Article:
Wednesday, August 27, 2014
A local group of African-American students, artists and community representatives kicked off a GoFundMe campaign on Friday, Aug. 22 to raise funds to send five people to Ferguson, Missouri as part of a national effort called the Black Lives Matter Ride done in conjunction with the National Weekend of Action.
So far $1,940 has been raised for the group's $2,500 goal. While five people from Tucson are part of the ride, the group hopes additional riders from Phoenix will join them. Upon return, the group plan to organize a Black Action Forum, and additional funds from the campaign will help cover facility, childcare and material costs for the event.
Tonight at 6 p.m., the group will hold a send-off and press conference at Cafe Desta, 758 S. Stone Ave., but over the weekend I had a chance to meet with some members of the group, including Matice Moore, UA's African American Student Affairs program director, who said the local campaign allows representative from Tucson to participate in a series of non-violence training workshops in Ferguson—important training they can bring back to teach Tucson and share as part of a Tucson Black Action Initiative they want to develop to create a network and address the needs of Tucson's black community.
With the UA Gender Studies Department, a Black Lives Matter conference takes place on January 15-17, with scholars, writers, artists and leaders from throughout the country and locally taking place to talk about "s WHY Black life matters and WHAT can be done about sustained racialized state violence." For more on the conference, go their page here.
All good reasons to keep giving to the group, even once they reach their goal. Go here to their GoFundMe page.
Moore said the goal, while the national call is short notice, is to encourage people with many different skill sets to come to Ferguson and help the affected community, as well as improve organizing skills to take back to their own cities and towns. Youth organizing, and bringing people to work with youth, is one area, as well as those familiar with theater of the oppressed and medial and photography. Those with medical experience are also needed, she added.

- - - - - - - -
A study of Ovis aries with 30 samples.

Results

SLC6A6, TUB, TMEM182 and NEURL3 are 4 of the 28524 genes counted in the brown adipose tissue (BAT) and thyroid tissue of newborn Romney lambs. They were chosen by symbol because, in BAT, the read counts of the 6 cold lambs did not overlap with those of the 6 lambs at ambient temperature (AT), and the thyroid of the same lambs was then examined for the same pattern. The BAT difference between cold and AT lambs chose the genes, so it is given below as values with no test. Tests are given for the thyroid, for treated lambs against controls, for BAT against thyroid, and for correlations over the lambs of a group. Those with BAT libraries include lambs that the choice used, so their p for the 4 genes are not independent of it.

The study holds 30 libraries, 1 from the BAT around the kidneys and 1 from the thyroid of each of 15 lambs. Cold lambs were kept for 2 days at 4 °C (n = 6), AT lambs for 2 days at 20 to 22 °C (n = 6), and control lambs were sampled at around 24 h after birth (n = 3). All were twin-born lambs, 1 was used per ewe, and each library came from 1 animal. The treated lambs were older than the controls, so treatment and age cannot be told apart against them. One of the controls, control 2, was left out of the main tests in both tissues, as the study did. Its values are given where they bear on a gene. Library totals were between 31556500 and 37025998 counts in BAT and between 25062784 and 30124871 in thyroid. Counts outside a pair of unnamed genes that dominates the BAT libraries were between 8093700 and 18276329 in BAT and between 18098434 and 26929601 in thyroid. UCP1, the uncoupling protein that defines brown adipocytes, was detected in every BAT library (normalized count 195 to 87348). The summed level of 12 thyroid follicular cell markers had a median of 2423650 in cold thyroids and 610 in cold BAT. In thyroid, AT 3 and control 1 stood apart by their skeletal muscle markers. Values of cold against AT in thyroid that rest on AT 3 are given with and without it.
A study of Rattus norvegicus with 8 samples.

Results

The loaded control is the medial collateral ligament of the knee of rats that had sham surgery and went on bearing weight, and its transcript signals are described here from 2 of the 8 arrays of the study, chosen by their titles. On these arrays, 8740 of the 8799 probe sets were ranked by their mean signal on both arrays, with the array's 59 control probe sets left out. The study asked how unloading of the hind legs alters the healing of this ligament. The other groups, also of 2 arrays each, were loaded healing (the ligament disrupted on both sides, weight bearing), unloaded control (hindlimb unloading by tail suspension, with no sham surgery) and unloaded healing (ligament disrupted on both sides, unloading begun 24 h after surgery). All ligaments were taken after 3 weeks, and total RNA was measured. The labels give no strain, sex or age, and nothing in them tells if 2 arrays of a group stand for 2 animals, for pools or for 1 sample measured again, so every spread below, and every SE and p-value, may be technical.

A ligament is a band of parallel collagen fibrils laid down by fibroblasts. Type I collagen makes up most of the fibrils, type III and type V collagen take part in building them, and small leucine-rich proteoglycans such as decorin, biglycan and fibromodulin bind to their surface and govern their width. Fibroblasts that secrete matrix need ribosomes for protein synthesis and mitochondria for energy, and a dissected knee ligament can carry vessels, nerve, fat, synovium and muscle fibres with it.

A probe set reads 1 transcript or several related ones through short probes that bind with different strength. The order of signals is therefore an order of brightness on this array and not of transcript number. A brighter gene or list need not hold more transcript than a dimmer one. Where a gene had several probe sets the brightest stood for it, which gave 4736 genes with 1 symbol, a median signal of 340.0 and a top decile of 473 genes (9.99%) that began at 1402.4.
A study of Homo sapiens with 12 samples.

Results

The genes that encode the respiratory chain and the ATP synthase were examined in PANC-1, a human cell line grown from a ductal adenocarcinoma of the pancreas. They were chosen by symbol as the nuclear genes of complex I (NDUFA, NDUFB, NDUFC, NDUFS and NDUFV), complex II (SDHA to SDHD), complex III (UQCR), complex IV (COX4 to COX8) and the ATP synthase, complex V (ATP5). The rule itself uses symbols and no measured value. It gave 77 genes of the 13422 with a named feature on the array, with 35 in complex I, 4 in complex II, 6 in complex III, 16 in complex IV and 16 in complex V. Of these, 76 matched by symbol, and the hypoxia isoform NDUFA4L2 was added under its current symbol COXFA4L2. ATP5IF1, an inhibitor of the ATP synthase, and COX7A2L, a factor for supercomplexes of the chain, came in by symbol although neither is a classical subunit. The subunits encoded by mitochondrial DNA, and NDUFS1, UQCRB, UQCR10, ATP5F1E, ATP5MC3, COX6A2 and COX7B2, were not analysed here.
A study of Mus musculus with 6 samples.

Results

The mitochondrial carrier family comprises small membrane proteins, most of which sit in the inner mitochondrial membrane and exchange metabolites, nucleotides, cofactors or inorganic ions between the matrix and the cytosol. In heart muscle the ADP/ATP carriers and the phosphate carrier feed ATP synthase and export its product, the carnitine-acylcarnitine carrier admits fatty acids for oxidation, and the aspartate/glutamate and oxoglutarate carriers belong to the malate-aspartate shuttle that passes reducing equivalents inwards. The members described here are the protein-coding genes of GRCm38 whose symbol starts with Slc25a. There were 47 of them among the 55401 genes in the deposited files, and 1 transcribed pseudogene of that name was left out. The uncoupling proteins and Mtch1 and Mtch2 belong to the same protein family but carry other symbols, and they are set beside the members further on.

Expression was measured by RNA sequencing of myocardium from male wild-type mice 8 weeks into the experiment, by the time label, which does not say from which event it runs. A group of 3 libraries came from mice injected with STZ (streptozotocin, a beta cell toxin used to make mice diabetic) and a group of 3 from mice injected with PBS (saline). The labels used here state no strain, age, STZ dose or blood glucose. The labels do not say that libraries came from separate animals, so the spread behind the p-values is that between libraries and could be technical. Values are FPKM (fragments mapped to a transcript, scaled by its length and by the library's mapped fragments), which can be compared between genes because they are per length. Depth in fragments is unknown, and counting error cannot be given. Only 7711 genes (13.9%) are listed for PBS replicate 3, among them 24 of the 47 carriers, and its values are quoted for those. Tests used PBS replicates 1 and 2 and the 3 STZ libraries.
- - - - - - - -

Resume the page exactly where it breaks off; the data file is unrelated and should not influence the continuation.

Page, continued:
Joining Moore for the trip is Thomas Martin a marketing senior at the UA Eller College, said that anytime a community gets a call like this is is "an obligation to respond to the call and work to stop these things from happening in the future."
Poet Jada Boyd, who works at Bicas, had planned to join the group, but decided to stay in town to read at Words on the Avenue, on Sunday, Aug. 31, from 6:30 to 8 p.m. at Cafe Passe, 415 N. 4th Ave. The focus that evening is on Ferguson, Michael Brown and his family, and donations collected at the reading will go to the Brown family. Suggested donation is $5 per person.
Boyd said if she was going on the ride, she'd participate in local voter registration efforts. "Right now this community wants to change it's representation. That's something we should all get behind."
Sitting next to Boyd is Beverly Makhubele, a South African emigre, who works in community planning and development, who said she hopes to learn in Ferguson. Not sure what particular skill she brings, but what's important, too, is "learning as much as possible on how to use what we learn in Tucson when we come back."
Javetta Clemmons, also leaving for the ride, said she agrees. The community in Ferguson has done a good job facilitating a conversation locally, but those going to Ferguson for this ride from across the country, like Clemmons, want to learn how to have that conversation in Tucson when they return.
One of the goals of the ride is to support the Ferguson community demands that their Missouri legislative representatives introduce anti-police violence laws that work to address excessive force and the militarization of police. The idea, Martin said, is to shrink the police force by half and put that money toward under-funded school and in the community."
"When we come back we want to establish a training," Martin said. "Part of the problem is that we might be treating this as an isolated incident. We need to be prepared for any response as a community and as a nation."